Put on a heartworm-test magic show for clients

Put on a heartworm-test magic show for clients

source-image
Sep 01, 2010
By dvm360.com staff

A few years ago, I attended a veterinary conference in which a practice management expert informed the audience that we were failing to impress our clients with the level of technology in our portable ELISA devices: heartworm tests, feline leukemia virus tests, and the like.

By simply saying, "The heartworm test was negative," she explained, we failed to make the point that there was some really fascinating science going on inside that little plastic box.

Instead, she recommended we say something like, "The blue dot at the top of the device is a control test, and it indicates that the device performed the test correctly. The absence of any other dots indicates that the test was unable to find any evidence of heartworms in Fluffy's blood, and thus the test is negative. That's good."

After using her suggestion for some time, we decided to add an impress-the-client step at the beginning, too. As we perform the test in the examination room, we tell the client, "We're putting three drops of blood in this high-tech heartworm test and in 10 minutes we'll have an answer." Almost universally, the client's response is, "Wow! That's neat!"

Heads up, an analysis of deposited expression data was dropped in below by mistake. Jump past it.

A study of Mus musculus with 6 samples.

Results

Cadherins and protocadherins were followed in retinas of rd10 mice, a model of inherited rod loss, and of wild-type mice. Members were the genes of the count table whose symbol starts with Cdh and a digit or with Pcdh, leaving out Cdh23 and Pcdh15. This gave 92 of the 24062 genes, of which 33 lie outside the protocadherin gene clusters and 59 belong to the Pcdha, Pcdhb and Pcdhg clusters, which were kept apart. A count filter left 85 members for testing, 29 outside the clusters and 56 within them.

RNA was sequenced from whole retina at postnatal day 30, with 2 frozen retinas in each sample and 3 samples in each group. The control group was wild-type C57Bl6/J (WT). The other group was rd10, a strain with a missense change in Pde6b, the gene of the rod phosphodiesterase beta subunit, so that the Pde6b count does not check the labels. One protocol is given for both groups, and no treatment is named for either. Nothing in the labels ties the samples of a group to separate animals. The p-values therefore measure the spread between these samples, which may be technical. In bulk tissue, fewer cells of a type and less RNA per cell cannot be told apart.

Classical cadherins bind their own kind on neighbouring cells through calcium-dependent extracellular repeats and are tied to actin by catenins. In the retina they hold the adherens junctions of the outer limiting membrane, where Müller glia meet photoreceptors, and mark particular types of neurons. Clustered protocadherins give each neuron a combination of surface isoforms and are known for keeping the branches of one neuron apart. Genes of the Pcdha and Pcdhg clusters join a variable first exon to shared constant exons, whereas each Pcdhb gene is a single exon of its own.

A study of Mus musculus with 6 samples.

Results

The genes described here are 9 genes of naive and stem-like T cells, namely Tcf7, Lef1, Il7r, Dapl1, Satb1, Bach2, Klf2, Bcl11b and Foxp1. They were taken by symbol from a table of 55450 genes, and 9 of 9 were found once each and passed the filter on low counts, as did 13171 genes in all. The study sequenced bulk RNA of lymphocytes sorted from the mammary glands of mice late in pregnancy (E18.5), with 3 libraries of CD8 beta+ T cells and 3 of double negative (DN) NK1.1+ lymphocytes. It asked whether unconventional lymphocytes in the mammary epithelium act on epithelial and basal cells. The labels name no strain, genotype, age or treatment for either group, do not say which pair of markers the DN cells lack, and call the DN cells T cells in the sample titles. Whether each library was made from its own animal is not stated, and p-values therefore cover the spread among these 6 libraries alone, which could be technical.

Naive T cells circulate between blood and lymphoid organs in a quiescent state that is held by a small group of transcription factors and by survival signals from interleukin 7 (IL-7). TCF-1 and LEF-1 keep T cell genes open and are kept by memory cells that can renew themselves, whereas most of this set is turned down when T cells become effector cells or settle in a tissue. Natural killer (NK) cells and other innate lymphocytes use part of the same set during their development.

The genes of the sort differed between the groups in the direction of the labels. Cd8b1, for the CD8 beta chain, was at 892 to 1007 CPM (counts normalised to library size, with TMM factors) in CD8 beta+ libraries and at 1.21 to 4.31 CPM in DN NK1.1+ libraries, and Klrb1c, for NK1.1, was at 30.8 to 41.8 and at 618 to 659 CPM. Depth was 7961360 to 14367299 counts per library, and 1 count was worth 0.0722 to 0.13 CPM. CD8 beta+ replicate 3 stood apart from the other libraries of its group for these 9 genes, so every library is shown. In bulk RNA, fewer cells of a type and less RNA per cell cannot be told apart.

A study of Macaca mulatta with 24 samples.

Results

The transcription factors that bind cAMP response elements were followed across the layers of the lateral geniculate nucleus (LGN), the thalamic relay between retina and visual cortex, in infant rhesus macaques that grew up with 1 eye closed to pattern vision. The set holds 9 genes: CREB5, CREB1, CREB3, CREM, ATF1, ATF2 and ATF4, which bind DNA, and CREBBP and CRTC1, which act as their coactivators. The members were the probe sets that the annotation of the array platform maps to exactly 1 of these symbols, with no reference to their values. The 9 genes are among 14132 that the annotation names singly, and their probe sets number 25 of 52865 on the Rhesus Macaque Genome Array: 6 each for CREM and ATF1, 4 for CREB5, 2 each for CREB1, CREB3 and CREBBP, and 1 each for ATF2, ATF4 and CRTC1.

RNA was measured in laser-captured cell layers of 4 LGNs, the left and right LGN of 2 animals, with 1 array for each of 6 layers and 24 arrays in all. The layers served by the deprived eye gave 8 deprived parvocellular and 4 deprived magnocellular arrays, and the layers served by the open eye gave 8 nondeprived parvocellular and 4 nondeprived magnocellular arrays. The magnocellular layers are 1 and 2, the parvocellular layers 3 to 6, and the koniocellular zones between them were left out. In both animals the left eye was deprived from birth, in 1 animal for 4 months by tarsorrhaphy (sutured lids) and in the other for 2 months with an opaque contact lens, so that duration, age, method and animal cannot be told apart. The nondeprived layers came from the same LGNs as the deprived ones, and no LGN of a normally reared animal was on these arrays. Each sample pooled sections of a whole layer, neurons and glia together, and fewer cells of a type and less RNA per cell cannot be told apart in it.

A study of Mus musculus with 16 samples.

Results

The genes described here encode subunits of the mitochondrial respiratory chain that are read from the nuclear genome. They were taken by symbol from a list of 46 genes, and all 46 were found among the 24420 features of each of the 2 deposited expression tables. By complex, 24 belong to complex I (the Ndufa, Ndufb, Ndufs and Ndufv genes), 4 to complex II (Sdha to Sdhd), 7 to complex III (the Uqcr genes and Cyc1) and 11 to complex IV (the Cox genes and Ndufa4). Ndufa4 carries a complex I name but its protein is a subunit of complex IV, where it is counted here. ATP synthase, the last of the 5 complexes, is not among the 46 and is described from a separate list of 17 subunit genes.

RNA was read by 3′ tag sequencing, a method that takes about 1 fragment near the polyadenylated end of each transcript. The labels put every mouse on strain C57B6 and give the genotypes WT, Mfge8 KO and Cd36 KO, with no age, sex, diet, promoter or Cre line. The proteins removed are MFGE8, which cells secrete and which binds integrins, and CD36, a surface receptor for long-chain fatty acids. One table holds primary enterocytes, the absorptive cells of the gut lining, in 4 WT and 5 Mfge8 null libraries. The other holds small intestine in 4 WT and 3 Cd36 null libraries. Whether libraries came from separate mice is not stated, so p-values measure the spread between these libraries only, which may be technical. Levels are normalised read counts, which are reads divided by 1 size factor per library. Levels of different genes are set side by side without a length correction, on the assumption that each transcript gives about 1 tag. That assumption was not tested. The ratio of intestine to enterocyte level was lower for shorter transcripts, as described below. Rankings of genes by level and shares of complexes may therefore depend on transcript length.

As doctors, we know how an ELISA test works, and we've had portable desktop units in our practices for years. Still, even we have to admit that they're magic. And we should share that magic with our clients.

— Dr. James W. Randolph
Animal General Hospital;
Long Beach, Miss.

Hot topics on dvm360

Pol on defense as Michigan veterinary board discusses negligence charges

Controversial reality TV veterinarian calls his approach 'common sense.'

Photo gallery: The top 10 veterinary schools in America, according to U.S. News

U.S. News & World Report ranks programs for the first time since 2011.

Front Desk Disasters, Episode 3: Dude looks like a lady

Everyone's favorite receptionist is at it again. Would you handle this situation differently?

Video: Flea hideouts in the house

Parasitology expert Michael Dryden, DVM, MS, PhD, reveals prime hideouts for fleas—and gives tips to clear them out of clients' homes for good.

Veterinarians: Your clients are going to Google with these cat questions

You might be surprised by what your clients are researching. Plus, get an educational client handout.